Central Michigan offensive tackle prospect Eric Fisher will continue soaring up draft boards after an impressive showing at the 2013 NFL Scouting Combine. In fact, his performance was so stellar that it should clinch a top-five selection for the former Chippewa.
NFL Network draft guru Mike Mayock is willing to imply that Fisher could be selected with the No. 1 overall pick (h/t NFL.com), currently held by the Kansas City Chiefs.
Omar Kelly of the South Florida Sun-Sentinel documented the comparison Mayock made between Fisher and San Francisco 49ers All-Pro left tackle Joe Staley, who also attended Central Michigan:
That's pretty high praise to be heaping on a prospect, and Mayock wouldn't do it if Fisher wasn't a legitimately pro-ready player. At 6'7" and 306 pounds, Fisher has outstanding athleticism and even more room to fill out.
His performance at the combine included the best broad jump amongst offensive linemen at 116 inches—or nine feet, eight inches. That showcases his explosiveness at the point of attack, and his agility was on display in the 20-yard shuffle as well.
Fisher posted a time of 4.44 seconds in that event—best amongst those who play in the trenches on offense. He also ran a 5.05 40-yard dash, put up 225 pounds 27 times on the bench press and posted a 28.5-inch vertical leap.
CBS Sports' Dane Brugler agrees with the assertion that Fisher is prominently in the No. 1 conversation along with Joeckel and West Virginia QB Geno Smith.
The combination of power and quick feet that Fisher possesses makes him especially strong in pass protection, which is why he is such a hot commodity.
Although he played predominantly Mid-American Conference competition in college, it doesn't take away from how fundamentally sound Fisher's technique is. He was rarely ever beaten at Central Michigan, and has the prototypical frame and athleticism to thrive in the pros immediately.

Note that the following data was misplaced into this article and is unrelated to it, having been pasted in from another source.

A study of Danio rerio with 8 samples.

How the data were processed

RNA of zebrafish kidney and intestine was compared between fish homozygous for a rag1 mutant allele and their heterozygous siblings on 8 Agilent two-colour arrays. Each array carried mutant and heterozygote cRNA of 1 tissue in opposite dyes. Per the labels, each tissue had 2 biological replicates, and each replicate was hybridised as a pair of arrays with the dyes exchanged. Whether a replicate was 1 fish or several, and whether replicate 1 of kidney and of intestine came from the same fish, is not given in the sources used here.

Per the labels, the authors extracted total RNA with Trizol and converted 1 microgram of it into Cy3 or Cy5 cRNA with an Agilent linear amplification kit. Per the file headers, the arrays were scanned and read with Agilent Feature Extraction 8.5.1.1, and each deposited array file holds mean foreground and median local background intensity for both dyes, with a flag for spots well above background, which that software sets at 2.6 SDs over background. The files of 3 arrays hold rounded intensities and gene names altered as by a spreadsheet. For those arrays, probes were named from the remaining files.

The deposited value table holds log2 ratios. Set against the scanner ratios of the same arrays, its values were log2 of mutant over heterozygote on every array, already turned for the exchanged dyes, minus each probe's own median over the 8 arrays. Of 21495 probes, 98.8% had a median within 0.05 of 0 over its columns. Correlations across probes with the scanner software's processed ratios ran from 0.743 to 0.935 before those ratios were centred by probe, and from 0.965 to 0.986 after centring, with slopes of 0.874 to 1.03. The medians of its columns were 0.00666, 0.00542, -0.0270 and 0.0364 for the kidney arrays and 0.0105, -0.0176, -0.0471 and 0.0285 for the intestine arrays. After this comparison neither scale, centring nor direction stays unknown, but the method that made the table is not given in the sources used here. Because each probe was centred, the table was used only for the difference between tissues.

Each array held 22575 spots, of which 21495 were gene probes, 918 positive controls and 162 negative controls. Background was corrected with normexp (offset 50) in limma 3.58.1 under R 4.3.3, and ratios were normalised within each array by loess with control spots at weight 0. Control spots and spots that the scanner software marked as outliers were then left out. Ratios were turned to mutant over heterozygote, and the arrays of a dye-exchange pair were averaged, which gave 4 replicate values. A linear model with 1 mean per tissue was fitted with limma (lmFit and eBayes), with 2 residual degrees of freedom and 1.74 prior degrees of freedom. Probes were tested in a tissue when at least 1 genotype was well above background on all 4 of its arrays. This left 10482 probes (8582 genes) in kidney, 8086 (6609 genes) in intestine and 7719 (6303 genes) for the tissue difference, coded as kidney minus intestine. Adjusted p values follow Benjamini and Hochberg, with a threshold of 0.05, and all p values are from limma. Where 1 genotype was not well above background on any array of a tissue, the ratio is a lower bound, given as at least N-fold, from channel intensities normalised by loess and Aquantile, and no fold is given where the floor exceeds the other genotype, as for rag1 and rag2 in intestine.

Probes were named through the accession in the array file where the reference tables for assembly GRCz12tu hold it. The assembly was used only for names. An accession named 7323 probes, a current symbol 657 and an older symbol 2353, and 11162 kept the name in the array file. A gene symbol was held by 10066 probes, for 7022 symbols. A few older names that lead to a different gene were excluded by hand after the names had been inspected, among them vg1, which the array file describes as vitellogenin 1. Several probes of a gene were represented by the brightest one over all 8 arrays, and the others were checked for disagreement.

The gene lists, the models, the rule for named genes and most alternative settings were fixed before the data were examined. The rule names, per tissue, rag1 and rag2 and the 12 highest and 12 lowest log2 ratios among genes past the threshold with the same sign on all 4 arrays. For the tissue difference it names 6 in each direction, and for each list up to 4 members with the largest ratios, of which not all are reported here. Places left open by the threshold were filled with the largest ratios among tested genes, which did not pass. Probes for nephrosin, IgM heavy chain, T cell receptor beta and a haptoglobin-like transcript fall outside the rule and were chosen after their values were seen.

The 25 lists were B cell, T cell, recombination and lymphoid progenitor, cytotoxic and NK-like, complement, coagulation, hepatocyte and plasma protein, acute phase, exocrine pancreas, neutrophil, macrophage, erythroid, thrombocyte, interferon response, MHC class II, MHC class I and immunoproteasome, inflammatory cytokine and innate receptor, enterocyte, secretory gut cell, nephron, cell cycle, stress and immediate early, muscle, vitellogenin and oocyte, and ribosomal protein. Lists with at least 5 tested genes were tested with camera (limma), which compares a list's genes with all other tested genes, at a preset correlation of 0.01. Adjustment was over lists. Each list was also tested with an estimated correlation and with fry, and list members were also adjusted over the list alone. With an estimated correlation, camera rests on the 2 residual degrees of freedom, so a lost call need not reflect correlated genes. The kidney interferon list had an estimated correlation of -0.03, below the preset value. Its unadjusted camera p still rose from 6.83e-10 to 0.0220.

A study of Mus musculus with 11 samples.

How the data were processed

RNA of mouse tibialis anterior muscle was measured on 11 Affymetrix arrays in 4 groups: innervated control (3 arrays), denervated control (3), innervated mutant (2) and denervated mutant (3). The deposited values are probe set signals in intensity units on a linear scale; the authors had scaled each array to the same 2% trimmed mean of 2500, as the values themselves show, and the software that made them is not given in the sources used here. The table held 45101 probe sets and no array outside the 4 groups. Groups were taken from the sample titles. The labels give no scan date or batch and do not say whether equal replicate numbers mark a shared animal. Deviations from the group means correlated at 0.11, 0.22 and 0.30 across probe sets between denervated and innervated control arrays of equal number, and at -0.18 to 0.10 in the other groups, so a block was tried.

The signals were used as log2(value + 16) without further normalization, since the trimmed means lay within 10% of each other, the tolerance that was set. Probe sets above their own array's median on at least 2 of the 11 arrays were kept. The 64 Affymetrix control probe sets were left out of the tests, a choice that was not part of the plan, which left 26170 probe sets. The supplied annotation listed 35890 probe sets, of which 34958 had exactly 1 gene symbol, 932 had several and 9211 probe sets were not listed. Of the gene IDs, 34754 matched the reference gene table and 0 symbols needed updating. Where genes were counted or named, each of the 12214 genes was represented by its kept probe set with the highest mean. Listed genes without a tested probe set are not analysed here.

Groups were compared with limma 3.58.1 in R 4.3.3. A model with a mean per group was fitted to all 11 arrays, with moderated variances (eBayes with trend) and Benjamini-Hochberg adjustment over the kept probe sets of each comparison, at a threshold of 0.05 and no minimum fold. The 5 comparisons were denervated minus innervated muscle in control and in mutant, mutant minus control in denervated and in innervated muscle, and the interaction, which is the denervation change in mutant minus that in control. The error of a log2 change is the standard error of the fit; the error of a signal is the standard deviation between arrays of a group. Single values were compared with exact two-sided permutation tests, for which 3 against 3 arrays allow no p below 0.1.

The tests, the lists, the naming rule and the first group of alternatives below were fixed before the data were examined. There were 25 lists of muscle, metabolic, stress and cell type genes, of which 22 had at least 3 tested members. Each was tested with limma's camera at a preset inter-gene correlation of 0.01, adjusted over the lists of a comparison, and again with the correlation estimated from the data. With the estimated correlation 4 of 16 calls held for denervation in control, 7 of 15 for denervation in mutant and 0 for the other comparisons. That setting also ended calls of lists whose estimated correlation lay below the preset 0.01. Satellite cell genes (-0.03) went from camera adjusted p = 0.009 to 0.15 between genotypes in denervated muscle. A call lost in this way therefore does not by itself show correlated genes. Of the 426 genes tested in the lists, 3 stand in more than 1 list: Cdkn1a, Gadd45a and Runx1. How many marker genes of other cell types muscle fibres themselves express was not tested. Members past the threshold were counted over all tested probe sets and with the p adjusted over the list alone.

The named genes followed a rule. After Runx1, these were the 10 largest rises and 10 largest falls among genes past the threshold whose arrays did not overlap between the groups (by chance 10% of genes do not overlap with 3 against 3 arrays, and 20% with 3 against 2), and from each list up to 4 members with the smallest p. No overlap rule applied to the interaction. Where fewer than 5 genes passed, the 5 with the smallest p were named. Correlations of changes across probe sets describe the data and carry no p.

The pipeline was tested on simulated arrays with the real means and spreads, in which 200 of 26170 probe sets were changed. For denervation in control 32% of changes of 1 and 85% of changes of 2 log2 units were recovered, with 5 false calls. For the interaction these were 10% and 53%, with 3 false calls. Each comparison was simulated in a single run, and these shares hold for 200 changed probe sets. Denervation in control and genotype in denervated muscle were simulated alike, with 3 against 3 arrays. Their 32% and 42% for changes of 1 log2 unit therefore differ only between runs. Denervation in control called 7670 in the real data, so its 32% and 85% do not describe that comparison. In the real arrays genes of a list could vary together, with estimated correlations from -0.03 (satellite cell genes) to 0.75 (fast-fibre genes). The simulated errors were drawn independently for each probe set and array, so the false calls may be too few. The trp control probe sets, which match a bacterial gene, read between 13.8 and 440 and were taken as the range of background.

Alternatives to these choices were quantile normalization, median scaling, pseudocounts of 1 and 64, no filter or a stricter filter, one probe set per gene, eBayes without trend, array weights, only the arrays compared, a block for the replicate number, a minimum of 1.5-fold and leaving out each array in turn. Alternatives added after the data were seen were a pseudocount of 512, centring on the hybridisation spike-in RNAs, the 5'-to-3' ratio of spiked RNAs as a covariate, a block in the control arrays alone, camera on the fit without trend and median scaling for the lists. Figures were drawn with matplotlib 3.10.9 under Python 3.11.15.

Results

It was unclear as to where Fisher would wind up being selected when Michigan's Taylor Lewan and Texas A&M's Jake Matthews were contemplating going pro after their junior seasons. Once those two returned to school, though, the stage was set for Fisher to shine—and he has completely capitalized.
Going No. 1 will be a difficult hill for Fisher to climb, as he is facing competition from Aggies tackle Luke Joeckel, who played better competition in the SEC and is slightly superior to Fisher in run-blocking.
Omar Kelly @OmarKelly
Mike Mayock said LT Eric Fisher "is better than Joe Staley, and that says a lot."2013-2-18 18:59:58
It's possible that Fisher goes to the Chiefs at No. 1 as Brugler currently projects, but the Jacksonville Jaguars and Oakland Raiders each have more pressing needs on the defensive side of the ball.
Also look for the Philadelphia Eagles to deeply ponder Fisher with the fourth pick in the draft.
Chip Kelly is bringing his exciting offensive schemes to Philly, but needs better blocking for those to translate to a better, more consistent attack. With mobile, scrambling QBs Michael Vick, Dennis Dixon and the potential future face of the franchise in Nick Foles, there are important signal-callers that the Eagles have to protect for the future.
The Detroit Lions might use its fifth overall pick to take Fisher as well. Riley Reiff was drafted in the first round last year though, so it may not be on the Lions' list of foremost priorities. But Fisher might be selected by default, based on the "best player on the board" mentality.
If he isn't selected with the top pick or in the first five, Fisher would never fall past the Arizona Cardinals at No. 7, since they are a team in desperate need of offensive-line help. It's very possible that Arizona would even trade up to snag Fisher.
The San Diego Chargers could wait on Lane Johnson from Oklahoma at No. 11, but if Fisher is getting hype as the top pick, it may force the new regime's hand to move up.
After such an outstanding combine, it's hard to argue with the notion that Fisher could be the best prospect on the board at any time in April. That essentially guarantees he won't fall out of the top five.